By Tim Kovach
Last week, First Lady Michelle Obama launched a new campaign to encourage Americans to drink more water. The campaign, Drink Up, is being advertised as “less a public health campaign than a campaign to encourage drinking water.” While the new effort to increase water consumption sounds like a good idea, it has come under considerable criticism from several commentators.
Evidence does suggest that Americans do not drink enough water. According to the Centers for Disease Control and Prevention (CDC), 43 percent of Americans report drinking less than the recommended daily amount of four cups per day. Astonishingly, seven percent reported drinking no water daily.
There are legitimate criticisms of this program, however. First, the U.S. government has not actually set a recommended daily intake for water. CDC has called four cups of water a moderate amount, while the Institute of Medicine tells us to “let thirst be your guide.” The World Health Organization also declines to provide a standard, though it does state that people need at least 7.5 liters of water per day to meet their daily needs.
Second, the program avoids entirely the real public health issue at hand—the importance of replacing sugary beverages, particularly soda, with water. Americans have already begun to make this switch in recent years. Whereas the average adult consumed 54 gallons of soda per year and just 42 gallons of water in 1998, these numbers have flipped to 44 gallons and 58 gallons per year, respectively.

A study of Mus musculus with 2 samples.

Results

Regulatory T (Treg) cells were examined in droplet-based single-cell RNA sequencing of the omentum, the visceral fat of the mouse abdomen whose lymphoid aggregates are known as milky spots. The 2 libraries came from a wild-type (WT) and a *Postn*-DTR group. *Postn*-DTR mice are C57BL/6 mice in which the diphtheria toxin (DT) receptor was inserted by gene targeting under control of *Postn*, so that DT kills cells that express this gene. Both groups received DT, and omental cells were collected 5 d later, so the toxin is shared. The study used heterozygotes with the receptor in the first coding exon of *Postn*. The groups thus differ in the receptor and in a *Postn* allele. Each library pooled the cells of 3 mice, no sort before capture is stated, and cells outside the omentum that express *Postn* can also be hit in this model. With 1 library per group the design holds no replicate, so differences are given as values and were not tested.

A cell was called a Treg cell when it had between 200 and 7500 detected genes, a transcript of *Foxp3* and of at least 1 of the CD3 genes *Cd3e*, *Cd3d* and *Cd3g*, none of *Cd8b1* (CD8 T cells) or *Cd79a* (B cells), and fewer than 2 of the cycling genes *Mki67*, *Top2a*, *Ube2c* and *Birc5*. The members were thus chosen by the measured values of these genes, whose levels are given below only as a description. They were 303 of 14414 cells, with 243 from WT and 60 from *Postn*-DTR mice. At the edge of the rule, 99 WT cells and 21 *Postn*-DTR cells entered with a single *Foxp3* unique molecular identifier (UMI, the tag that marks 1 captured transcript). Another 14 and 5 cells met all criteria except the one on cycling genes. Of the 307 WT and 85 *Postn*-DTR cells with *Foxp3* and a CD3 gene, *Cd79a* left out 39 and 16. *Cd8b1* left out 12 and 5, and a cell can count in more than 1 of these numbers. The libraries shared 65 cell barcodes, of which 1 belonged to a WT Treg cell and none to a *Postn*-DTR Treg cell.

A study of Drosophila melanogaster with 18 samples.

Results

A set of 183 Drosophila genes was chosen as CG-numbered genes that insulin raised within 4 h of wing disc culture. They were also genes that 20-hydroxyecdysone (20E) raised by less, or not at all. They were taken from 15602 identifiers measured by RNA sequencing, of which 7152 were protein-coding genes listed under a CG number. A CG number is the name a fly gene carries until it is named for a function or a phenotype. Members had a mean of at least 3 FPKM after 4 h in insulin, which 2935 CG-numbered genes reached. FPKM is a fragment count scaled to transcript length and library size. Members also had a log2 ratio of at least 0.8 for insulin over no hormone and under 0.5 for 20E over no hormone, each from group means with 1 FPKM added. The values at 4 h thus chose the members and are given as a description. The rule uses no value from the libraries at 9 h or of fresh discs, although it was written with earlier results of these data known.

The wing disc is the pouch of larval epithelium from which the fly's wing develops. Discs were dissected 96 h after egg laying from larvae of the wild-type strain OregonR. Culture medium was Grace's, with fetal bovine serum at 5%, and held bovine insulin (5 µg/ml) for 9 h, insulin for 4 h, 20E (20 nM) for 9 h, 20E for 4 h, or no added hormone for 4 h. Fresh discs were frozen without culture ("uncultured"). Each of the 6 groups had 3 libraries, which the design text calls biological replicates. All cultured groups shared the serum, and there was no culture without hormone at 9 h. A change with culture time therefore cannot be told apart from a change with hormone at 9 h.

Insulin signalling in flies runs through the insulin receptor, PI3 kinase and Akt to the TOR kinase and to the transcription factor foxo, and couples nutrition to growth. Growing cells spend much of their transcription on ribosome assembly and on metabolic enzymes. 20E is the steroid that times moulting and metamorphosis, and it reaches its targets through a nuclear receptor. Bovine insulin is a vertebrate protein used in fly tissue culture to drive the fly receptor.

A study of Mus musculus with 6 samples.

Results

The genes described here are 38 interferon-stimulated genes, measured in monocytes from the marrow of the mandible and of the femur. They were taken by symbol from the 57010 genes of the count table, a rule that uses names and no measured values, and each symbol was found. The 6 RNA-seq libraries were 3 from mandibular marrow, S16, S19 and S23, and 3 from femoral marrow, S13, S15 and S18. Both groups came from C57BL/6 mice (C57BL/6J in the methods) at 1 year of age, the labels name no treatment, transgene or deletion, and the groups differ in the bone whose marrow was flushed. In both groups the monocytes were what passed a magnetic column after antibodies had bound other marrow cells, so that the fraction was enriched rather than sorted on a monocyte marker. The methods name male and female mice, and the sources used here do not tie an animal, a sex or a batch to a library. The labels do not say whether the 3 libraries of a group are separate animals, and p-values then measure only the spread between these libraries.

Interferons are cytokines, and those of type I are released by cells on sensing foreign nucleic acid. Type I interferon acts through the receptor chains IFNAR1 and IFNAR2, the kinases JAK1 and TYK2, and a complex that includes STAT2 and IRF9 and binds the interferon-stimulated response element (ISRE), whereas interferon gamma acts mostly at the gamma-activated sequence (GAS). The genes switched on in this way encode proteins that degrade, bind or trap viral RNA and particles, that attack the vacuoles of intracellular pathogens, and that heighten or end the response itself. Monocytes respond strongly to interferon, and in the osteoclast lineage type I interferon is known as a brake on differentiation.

Third, if you look at the list of Drink Up’s supporters and partners, you will notice that it’s largely composed of representatives from the bottled water industry. As a result, the program runs the risk of becoming yet another venue to promote the consumption of bottled water, which has skyrocketed over the last 10-15 years.
As other Drink Local. Drink Tap. writers have noted, bottled water carries a host of negative consequences–one of the most important of these involves issues of inequity. Bottled water tends to cost roughly 240 to 10,000 times more per gallon than tap water. This occurs despite the fact that roughly one-third of bottled water is simply packaged municipal tap water.
African-American and Hispanic parents are three times more likely to give their children exclusively bottled water, despite this high cost. They report doing this because they perceive it as being cleaner and safer than tap water (the evidence suggests otherwise). The industry has also sought to position its product as a status symbol. Nestle recently introduced “Resource,” a bottled water for women who are “trendy” and “higher-income.”
If the Drink Up campaign becomes another tool to promote bottled water, it also risks taking attention and resources away from providing adequate, clean drinking water, something the United Nations has proclaimed a human right.
Globally, 783 million people lack access to clean drinking water. But it’s not just a problem that affects people in the developing world. Municipal water systems have deteriorated in many parts of the county. Earlier this month, residents in Ottawa County (75 miles west of Cleveland, OH) were unable to drink their tap water after an algal bloom in Lake Erie contaminated their water supply with a liver toxin.
Ultimately, while the Drink Up campaign seems laudable, it does not go far enough. We need to encourage Americans to swap sugary beverages for tap water and to continue the effort to guarantee that every person will have guaranteed access to clean water.
Visit EcoWatch’s WATER page for more related news on this topic.